As a city dweller, I appreciate the parkability and maneuverability of small cars, so was predisposed to like the tiny 2013 Chevrolet Spark. This littlest of Chevy models tries to capture the utility of the Honda Fit. Its low price makes it a good entry-level car, and high fuel economy adds to its practicality.
Small cars tend to come with extreme styling, as seen in the retro Fiat 500 and the futuristic Scion iQ. The Spark leans toward the latter, with oversize headlight casings dominating the front end and an interesting dip in the side graphic where it hits the side mirror. Chevy smooths the rear styling by having the exhaust pipe integrated with the rear fascia.
The tiny cargo area expands through folding up the rear seats, a two-stage process that involves lifting the bench, then pushing the back forward. When all is stowed the rear area becomes capacious, suitable for the worldly possessions of the typical college student.
At 32 mpg in the city and 38 mpg highway, fuel economy looks good, but Chevy achieves it the old-fashioned way, by using a very low-power engine. At 1.25 liters, this four-cylinder is laughably small, while 84 horsepower and 83 pound-feet of torque are numbers rarely seen in the U.S. automotive market. By contrast, a high-tech engine like the Ford EcoBoost 1-liter boasts 123 horsepower.
Connected from the start
Although the drivetrain doesn't make much use of modern tech, the infotainment features certainly do. In either 1LT or 2LT trims, the Spark comes with a big, 7-inch touch screen showing a menu with options for digital audio, video, telephone, and apps. That last menu item holds the holy grail of car navigation, complete integration with smartphone-based navigation.
Using an iPhone or Android running the BringGo navigation app, which was not publicly available as of this review, the navigation screens, complete with full touch control, show up on the car's LCD. The smartphone app performs route processing and offers online search for destinations. It receives traffic data from an online source as well, using that to avoid traffic jams.
Under route guidance, the turn instructions showed up in a small inset in a corner of the map, but the app provided good voice prompts. The maps were readable, and displayed in both 2D and perspective views. The app can also download a projected route so it will continue to give guidance when out of cell coverage.
BringGo does not register as a well-known name in U.S. navigation. The app comes from a Korean company, EnGIS Technologies. I would like to see Chevy extend the navigation app integration to some of the more popular navigation apps, such as the ones I cover in this article, "Five free and mostly free iPhone navigation apps."
Other apps available in the Spark were Pandora and Stitcher. With this platform, I assume Chevy will be adding more in the future. I noticed the system could be a little buggy when I tried to activate an app, occasionally popping up a message saying that the phone was already running something. Grabbing the phone and lighting up its screen tended to clear this error. My iPhone had to be cabled to the car, as the Bluetooth connection would not support app integration.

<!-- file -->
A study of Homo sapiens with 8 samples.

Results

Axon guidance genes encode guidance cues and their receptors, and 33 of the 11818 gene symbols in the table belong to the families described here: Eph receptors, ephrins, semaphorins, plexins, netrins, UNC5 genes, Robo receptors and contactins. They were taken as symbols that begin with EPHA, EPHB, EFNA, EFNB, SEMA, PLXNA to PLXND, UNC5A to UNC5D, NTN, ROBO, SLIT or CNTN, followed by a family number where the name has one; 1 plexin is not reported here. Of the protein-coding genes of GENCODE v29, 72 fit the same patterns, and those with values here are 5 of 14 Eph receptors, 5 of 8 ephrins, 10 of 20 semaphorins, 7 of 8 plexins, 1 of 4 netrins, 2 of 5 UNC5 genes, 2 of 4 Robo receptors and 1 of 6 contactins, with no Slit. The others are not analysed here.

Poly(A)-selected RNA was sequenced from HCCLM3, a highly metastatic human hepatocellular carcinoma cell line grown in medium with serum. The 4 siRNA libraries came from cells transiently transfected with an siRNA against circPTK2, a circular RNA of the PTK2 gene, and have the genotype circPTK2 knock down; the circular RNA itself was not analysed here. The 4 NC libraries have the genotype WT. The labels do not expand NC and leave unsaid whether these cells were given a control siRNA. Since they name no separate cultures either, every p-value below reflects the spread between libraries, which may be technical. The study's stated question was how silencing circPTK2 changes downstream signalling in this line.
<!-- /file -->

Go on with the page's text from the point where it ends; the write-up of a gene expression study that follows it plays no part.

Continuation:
The Pandora integration worked very well, letting me choose from my personal list of stations and give the current song the thumbs-up or thumbs-down. However, I would prefer to see Pandora listed as one of the audio sources instead of being tucked away on the app screen.
In another step toward the future of in-car entertainment, Chevy did not bother with a CD player in the Spark, something I am quite happy to do without. Instead, the Spark offers a USB port for iOS devices and thumbdrives, an auxiliary input, and satellite radio. Bluetooth audio streaming is available with one extreme caveat: you cannot use a hands-free phone connection and streaming from the same device. That restriction is inexplicable, as that sort of simultaneous connection works with just about every other car on the road.
The touch screen makes it easy to select music from devices plugged into the USB port, and had no problem reading an iPhone 5 with its Lightning cable connection. With a USB drive filled with MP3 tracks, the head unit cataloged the music by ID3 tagging, organizing the library screen into album, artist, and song categories.
Strangely, the car's voice command did not let me request music by name, or offer any control over the audio system. Chevy brands this head unit under its MyLink name, and its other models with this system offer that functionality. I believe Chevy is using an essentially different electronics platform for the Spark than it does for other models, and referring to both systems as MyLink. Apparently GM's restructuring did not eliminate bad product-marketing decisions.
This voice command did let me place phone calls by name, using my Bluetooth-paired phone. The phone screen also gave me access to my phone's contact list. The Spark also features OnStar, one of the best telematics systems available, which has its own hands-free phone system and concierge services for navigation and emergency services.
The audio system in the Spark we tested consisted of two speakers and not much amplification, making the car essentially a boom box on wheels. I wanted to hold the Spark over my head and stand under GM CEO Dan Akerson's window, a la Lloyd Dobler in "Say Anything."